Dating back to 1824, braille is a language used for the visually impaired to help make reading easy and accessible. However, you may be wondering, “how do you read braille and why would you need to if you’re not blind?”
There are many reasons to start learning braille. For example, you may suffer from a degenerative eye disease and are interested in learning early to ensure you know the language should you lose eyesight.
If you’re unsure how to start learning braille, you’ll want to keep reading. This guide can help you understand how the system works and ways to practice learning this language.
Before learning how to read braille, you may be wondering, “What is braille, anyway?”
To begin, each symbol that corresponds to a letter, number, or punctuation mark is located in a cell. Each cell is comprised of six dots, located in two vertical rows of three dots each.
Understanding the location of the dots and what number corresponds to each dot is crucial to helping yourself grow more familiar with learning the alphabet.
So, to understand the cells, you’ll want to start with the top left dot. Going down the row are dots, one, two, and three. From the top of the right row going down are dots four, five, and six.
Learning the Alphabet and Numbers
Once you understand the braille cell and how the dots are oriented, you’ll then be able to start practicing reading the alphabet.
You will need to memorize the alphabet in order to read brail effectively, but this can be a relatively easy task.
There are plenty of ways to familiarize yourself with the braille alphabet. One of the best ways to help memorize the letters and placement of the dots is to get a cupcake or muffin tin with six holders. Then, taking tennis balls, place the balls in the slots that correspond to each letter or number.
There are also plenty of books available with instructions, tips, and tricks to help you learn how to read braille in a more comprehensive and efficient manner.
Capitalization, Punctuation, and Single Cell Words
Once you’ve memorized the alphabet and numerals, you can move on to more challenging concepts, like understanding how Capitalization, punctuation, and shorthand works.
Capitalization is generally easy to understand. Before a word where the first letter is capitalized, there will be a single dot six. However, if the entire word is capitalized, there will be two sequential dot sixes before the first letter of the word.
Next, you will need to learn the punctuation characters. While not entirely necessary to reading, learning these symbols can help deepen your understanding of the context of what you’re reading.
While braille follows the same rules for punctuation as in print, the one major difference is that the period used to end a sentence will only have one space between it and the beginning of the next word. Typically, in print, there are two spaces.
Finally, you’ll want to learn some of the most common shorthand used to read and write braille, as this will make it more convenient and efficient to understand what you’re reading.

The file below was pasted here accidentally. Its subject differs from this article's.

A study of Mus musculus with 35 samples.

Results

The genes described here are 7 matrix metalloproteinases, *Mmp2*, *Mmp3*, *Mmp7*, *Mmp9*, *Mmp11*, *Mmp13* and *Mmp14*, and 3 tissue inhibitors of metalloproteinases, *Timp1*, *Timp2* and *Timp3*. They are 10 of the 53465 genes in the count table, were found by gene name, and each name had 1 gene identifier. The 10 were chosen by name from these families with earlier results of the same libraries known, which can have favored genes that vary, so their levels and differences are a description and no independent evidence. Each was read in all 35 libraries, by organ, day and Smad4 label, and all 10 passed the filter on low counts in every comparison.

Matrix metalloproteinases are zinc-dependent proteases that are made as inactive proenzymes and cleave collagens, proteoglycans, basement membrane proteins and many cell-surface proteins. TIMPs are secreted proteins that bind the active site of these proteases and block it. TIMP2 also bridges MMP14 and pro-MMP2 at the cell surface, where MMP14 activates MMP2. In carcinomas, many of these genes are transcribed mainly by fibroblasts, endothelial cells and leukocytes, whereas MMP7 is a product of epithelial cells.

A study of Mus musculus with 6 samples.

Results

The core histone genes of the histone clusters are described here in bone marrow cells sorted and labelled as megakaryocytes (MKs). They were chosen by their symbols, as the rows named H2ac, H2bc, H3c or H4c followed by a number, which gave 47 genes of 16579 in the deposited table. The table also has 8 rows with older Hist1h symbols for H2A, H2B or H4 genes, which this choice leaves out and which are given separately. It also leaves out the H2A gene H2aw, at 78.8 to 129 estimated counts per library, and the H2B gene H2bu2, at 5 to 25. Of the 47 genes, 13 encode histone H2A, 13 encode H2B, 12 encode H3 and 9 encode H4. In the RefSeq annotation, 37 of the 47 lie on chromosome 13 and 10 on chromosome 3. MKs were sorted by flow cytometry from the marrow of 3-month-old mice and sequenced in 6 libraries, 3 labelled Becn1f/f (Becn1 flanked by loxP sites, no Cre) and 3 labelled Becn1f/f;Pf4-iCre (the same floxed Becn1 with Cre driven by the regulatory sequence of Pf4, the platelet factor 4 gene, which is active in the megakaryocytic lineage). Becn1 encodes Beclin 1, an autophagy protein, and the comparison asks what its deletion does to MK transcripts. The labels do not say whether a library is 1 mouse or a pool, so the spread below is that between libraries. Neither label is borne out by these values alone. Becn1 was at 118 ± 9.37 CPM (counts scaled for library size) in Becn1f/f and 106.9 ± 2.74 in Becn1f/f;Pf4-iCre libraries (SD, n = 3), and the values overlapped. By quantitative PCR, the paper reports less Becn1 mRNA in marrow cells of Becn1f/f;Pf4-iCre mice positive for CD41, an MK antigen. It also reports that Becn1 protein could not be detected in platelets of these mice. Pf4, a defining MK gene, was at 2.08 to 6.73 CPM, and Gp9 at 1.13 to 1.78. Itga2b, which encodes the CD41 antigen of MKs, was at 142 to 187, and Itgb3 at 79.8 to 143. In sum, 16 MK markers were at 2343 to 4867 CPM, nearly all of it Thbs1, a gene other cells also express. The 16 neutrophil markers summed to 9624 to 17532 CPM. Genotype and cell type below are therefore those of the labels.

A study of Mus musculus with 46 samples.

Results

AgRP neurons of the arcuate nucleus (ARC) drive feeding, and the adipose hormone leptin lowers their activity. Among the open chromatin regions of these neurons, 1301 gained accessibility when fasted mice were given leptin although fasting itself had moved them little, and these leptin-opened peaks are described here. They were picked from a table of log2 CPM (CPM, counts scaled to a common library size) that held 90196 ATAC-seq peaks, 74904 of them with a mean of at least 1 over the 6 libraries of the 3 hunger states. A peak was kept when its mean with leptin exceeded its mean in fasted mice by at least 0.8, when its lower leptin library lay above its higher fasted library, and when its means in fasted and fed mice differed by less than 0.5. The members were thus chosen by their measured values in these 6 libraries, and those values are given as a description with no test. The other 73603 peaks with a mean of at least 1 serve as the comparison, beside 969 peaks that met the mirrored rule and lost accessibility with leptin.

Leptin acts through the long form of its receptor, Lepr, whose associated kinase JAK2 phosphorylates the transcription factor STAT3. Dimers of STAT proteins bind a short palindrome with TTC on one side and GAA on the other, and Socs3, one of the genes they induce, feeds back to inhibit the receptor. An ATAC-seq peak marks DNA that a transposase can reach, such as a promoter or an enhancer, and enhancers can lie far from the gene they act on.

There are seventy-six words that are commonly shortened, so taking the time to understand what those are and how they differ from the regular word is essential.
Once you’ve got the concepts down, it’s time to put your memorization to work.
The best way to read and understand braille is to practice as much as possible. Whether you purchase books you can read along while running your fingers over braille or invest in children’s books to help you get the hang of learning, there are plenty of options.
You will also want to practice reading custom ADA signs when out in public, as this is a great way to get real-world experience with familiarizing yourself with braille. This is one of the braille benefits, as many public places have practical resources to help you learn.
Other Tips and Tricks to Keep in Mind
One crucial tip to help yourself learn and understand braille is to use the proper pressure when running your index finger over the symbols. One easy way to find the right amount of pressure is to cover a train in a light layer of sand and run your finger over the sand. If you can feel the tray underneath, there is too much pressure applied.
Another one of the best braille tips is to create a cheat sheet of letters, punctuation, or shortened words that you have trouble remembering. When learning, you can utilize this sheet to help deepen your understanding, and before you know it, you will no longer need it!
You can also invest in learning how to write braille, which can help strengthen your reading comprehension. The more familiar you are with the language, symbols, and feeling of the words, the easier it will be to read.
Remember, learning braille is like learning any other new language. It’s not going to happen overnight! Don’t become discouraged if you’re not progressing as fast as you thought you would.
How Do You Read Braille? Your Complete Guide
Though you may have always seen braille and thought, “How do you read braille?” the answer isn’t as complicated as one might think! Keeping this guide in mind can help you become literate in reading braille.
If you’re ready to start learning braille, thanks to the help of this braille guide, you’ll want to check out the rest of our website. There, you can find more of the best lifestyle tips and tricks.